Clare Teal: Busy few months await our new visitor Betty the blue tit


The house is about 8in tall and the neighbours are blue, yellow and feathery. This is exciting news – the little bird house went up on the wall last autumn so our beaky friends could get used to it.

Unfortunately it blew away in the recent storms, but our hero tracked it down and fixed it more firmly to the fence. In view of these events we feared any future inhabitants might deem our little wooden box with the teal green roof unsafe, but no – a blue tit has been seen popping in and out of the tiny front door/hole.

Blue tits spend most of March eating and partying... not surprisingly I have been known to do this too. Apparently birds use this extra energy to keep in shape whilst producing eggs.

Come April we should see Betty Blue Tit start to build the nest all on her own.

She has to lug great chunks of moss about with little or no help from himself. It can take her up to two weeks to complete. The nest is ready once it has been lined with soft feathers (whose I’m not sure – possibly his!) fur or wool.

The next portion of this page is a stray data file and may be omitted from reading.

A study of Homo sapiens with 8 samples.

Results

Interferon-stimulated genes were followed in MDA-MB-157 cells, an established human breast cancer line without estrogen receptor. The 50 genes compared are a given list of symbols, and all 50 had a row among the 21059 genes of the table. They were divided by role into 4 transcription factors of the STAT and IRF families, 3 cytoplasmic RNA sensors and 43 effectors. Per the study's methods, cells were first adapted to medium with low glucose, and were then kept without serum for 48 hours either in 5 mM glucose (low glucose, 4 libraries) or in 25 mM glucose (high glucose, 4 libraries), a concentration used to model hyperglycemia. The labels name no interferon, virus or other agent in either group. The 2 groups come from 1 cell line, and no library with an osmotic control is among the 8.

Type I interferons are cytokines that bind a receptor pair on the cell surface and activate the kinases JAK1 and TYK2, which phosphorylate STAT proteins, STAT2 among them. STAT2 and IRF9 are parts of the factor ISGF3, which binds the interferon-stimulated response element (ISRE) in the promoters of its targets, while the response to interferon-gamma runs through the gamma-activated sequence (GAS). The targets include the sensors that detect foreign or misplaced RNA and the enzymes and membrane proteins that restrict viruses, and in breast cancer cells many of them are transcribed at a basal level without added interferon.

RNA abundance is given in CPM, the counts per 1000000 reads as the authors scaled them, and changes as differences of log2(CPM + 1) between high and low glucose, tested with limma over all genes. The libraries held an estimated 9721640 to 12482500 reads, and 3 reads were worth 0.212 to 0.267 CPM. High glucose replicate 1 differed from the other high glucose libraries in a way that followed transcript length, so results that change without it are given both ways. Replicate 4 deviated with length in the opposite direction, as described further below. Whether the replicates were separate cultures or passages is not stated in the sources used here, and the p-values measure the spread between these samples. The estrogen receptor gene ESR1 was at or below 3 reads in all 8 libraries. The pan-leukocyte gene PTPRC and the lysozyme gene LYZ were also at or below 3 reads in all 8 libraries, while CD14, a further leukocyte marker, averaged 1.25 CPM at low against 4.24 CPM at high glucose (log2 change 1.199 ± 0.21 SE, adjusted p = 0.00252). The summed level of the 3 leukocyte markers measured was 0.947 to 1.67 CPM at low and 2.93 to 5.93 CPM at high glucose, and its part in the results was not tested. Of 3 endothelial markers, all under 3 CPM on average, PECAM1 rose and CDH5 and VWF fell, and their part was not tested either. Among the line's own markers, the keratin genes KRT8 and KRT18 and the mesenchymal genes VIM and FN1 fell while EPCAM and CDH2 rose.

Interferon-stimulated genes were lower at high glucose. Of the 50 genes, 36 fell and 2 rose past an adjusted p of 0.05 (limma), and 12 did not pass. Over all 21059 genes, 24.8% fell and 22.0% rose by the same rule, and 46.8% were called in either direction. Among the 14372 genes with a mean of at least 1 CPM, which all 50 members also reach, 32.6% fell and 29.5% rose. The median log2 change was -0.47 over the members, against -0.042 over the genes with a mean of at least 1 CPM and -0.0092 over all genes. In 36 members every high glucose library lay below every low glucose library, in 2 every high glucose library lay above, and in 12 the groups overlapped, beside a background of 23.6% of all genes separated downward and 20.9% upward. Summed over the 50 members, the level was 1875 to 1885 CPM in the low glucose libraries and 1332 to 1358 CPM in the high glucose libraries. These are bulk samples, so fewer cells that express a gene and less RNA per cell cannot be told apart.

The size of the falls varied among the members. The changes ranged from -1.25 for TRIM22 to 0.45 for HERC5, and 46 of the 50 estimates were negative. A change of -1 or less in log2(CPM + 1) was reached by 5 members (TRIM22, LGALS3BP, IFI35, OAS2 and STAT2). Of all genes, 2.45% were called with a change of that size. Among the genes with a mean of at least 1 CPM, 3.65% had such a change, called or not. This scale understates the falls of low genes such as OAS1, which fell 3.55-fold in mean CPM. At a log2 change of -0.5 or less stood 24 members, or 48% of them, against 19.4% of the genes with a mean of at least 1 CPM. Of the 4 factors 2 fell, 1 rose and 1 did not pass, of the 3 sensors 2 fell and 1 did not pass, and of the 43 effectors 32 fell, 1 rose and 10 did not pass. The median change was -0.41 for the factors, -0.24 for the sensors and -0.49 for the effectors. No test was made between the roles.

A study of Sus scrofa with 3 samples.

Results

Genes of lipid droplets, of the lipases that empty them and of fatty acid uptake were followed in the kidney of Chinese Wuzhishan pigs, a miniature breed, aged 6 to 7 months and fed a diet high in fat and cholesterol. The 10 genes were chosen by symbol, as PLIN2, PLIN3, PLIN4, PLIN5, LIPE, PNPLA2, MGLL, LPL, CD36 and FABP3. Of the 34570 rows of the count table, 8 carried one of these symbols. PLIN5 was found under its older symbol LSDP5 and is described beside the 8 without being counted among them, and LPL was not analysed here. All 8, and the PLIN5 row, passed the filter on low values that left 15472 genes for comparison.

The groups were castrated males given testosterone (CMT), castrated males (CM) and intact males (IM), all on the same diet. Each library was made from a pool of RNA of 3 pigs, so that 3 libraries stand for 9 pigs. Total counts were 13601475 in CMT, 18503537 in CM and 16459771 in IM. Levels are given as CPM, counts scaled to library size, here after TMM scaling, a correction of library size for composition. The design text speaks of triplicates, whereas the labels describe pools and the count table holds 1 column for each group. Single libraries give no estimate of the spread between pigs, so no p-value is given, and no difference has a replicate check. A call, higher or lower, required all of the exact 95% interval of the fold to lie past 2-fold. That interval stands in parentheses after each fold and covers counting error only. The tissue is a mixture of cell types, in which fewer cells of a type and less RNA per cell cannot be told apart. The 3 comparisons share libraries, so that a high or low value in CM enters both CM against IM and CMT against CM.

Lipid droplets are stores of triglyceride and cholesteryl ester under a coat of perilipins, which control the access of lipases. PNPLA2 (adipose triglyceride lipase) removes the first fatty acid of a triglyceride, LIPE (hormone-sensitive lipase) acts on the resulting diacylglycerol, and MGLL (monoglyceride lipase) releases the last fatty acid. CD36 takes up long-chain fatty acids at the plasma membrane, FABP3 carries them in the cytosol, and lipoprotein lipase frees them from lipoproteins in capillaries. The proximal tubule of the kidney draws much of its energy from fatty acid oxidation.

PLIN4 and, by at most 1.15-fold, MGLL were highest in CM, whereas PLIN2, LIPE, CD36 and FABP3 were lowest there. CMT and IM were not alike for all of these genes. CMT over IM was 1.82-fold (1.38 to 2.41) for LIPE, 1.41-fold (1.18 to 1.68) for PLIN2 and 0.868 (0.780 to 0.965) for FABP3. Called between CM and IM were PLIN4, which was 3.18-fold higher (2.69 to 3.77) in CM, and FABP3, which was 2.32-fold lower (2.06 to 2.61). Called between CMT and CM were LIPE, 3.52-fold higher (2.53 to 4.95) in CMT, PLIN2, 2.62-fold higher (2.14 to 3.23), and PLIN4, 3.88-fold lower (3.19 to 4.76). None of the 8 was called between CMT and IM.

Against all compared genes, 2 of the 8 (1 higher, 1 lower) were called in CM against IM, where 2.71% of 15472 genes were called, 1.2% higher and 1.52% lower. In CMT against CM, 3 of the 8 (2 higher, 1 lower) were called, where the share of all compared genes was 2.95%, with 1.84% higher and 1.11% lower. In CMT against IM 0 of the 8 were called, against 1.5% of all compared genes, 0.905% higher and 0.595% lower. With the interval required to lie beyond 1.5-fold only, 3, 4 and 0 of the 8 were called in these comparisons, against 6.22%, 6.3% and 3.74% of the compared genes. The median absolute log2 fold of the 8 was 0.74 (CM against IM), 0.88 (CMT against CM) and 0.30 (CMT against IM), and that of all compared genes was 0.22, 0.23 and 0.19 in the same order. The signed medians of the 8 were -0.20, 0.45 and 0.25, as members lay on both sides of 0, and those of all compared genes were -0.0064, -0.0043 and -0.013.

Having built her nest, Betty then has the exhausting task of laying eggs, one per day, usually early in the morning. These tiny weeny little birds can lay up to 16 eggs per clutch but average eight to 12.

The day before all the eggs are in one basket she creates a brood patch to incubate the eggs by plucking bare a small area of her own abdomen feathers (that’s love). She then sits on the eggs for two weeks, hoping that himself will pop by with a takeaway.

In late May the featherless, blind, squawky mouths are a hungry reality and Betty spends her days searching for food and sitting on the clutch to keep them warm (or possibly quiet).

By the end of May both parents are having to find up to 100 caterpillars per chick per day!

In early June we should see our little guys ready to fledge. I’m tempted to put a little trampoline underneath just in case. The juveniles hang around for couple of weeks learning the ropes then finally Betty puts her little feet up.

The average lifespan of a blue tit is 18 months.